Grass, released in 1925, stands as one of the earliest ethnographic documentary films, rivalled in the silent era only by Robert Flaherty’s Nanook of the North (1922).  While Nanook is a fine film, it has come under criticism for not being totally journalistically accurate.  Grass, on the other hand, is a more genuine scientific document of its subject–in this case, the annual migration of a southwestern Iranian nomadic tribe, the Bakhtiari.  Merian C. Cooper ( writer and producer), along with Ernest B. Schoedsack (photographer) and Marguerite Harrison (journalist), undertook to join the Bakhtiari on their arduous annual journey and produced an early masterpiece of silent film documentary.  As part of the ongoing series of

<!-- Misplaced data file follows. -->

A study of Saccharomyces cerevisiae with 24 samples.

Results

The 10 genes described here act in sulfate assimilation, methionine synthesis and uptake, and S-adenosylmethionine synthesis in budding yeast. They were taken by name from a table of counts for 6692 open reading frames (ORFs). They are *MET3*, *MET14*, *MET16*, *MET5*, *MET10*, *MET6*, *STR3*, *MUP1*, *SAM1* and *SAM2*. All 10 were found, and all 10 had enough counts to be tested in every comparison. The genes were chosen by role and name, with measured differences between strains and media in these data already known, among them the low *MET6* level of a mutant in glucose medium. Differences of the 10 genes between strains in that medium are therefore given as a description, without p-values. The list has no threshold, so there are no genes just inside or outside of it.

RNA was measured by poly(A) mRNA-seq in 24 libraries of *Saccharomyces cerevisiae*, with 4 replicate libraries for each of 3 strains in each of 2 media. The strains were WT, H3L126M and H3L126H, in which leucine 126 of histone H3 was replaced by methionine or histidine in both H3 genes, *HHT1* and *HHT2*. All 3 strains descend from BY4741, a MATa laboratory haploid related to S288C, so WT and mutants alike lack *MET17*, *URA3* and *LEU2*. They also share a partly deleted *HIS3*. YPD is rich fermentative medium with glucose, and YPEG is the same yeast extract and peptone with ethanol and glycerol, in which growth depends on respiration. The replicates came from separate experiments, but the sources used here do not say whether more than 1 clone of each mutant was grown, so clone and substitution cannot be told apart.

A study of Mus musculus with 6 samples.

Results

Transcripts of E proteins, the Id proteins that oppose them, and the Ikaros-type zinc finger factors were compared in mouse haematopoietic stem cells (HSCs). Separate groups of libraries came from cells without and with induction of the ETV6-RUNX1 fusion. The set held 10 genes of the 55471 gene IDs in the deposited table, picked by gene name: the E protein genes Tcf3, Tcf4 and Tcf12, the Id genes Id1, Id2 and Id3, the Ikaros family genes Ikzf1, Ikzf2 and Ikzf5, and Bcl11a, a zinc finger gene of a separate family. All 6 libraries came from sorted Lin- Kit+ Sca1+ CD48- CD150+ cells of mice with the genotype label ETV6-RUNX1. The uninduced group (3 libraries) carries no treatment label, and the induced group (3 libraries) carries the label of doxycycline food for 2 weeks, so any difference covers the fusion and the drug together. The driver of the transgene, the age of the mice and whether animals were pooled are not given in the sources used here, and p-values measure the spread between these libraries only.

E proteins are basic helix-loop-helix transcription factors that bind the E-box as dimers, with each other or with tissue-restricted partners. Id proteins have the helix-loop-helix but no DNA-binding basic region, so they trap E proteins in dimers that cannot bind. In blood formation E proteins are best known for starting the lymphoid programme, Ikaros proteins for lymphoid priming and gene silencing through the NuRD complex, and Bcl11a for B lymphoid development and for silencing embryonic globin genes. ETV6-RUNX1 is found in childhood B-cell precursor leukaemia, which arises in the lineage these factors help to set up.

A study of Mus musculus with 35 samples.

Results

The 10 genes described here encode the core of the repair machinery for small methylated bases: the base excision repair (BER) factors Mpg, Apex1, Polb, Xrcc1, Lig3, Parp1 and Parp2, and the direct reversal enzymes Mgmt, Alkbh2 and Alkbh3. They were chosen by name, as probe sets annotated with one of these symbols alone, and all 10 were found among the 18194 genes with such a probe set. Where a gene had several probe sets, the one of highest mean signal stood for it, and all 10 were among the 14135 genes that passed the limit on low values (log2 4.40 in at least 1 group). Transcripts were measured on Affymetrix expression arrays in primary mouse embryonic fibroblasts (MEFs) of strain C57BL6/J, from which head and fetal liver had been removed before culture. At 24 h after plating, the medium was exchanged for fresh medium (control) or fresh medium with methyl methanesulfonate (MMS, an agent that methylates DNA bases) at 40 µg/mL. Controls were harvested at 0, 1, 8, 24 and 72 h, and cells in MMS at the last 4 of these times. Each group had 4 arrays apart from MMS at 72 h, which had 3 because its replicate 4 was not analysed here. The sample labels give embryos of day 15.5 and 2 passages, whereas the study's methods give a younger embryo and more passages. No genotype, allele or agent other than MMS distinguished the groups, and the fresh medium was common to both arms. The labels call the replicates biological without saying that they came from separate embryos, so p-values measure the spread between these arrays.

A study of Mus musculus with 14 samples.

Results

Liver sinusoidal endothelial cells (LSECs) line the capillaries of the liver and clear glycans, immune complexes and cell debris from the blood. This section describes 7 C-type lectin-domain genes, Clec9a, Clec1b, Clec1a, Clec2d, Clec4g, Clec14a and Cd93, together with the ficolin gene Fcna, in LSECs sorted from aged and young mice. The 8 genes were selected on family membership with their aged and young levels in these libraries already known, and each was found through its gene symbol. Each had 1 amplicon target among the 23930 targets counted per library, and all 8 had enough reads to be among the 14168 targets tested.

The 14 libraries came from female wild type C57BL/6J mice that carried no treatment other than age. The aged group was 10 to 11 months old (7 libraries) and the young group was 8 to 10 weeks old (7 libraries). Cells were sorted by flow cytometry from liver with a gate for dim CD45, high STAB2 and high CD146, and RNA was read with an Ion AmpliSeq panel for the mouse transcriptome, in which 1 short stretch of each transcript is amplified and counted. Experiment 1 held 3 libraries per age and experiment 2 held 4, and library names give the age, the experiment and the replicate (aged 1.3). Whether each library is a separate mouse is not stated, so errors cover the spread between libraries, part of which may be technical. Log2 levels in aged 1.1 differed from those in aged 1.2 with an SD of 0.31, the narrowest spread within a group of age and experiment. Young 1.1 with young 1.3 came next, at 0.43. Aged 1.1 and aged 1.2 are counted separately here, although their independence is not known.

“Treasures from The Dalenberg Library,” we present here what we would now call the “movie tie-in book,” written by Cooper and including 64 of Schoedsack’s photographs:  Grass, by Merian C. Cooper (G.P. Putnam’s Sons/The Knickerbocker Press, 1925.)

Cooper and Schoedsack went on to produce other films together, most notably King Kong.  They maintained a partnership until the late 1930’s, generally with Cooper producing and Schoedsack directing.  Another on-location docudrama project was Chang: A Drama of the Wilderness,  filmed in the jungles of Thailand.

The Bakhtiari migration was again filmed, this time by director Anthony Howarth, for the 1976 documentary People of the Wind.  Since then, what little can be gleaned on-line suggests that the nomads are now mostly transporting their herds between summer and winter pastures by truck.  Despite the erosion of a centuries-old way of life in the past 40 years, Iran is still remarkable for having about 1.5 million nomads among its population of over 70 million.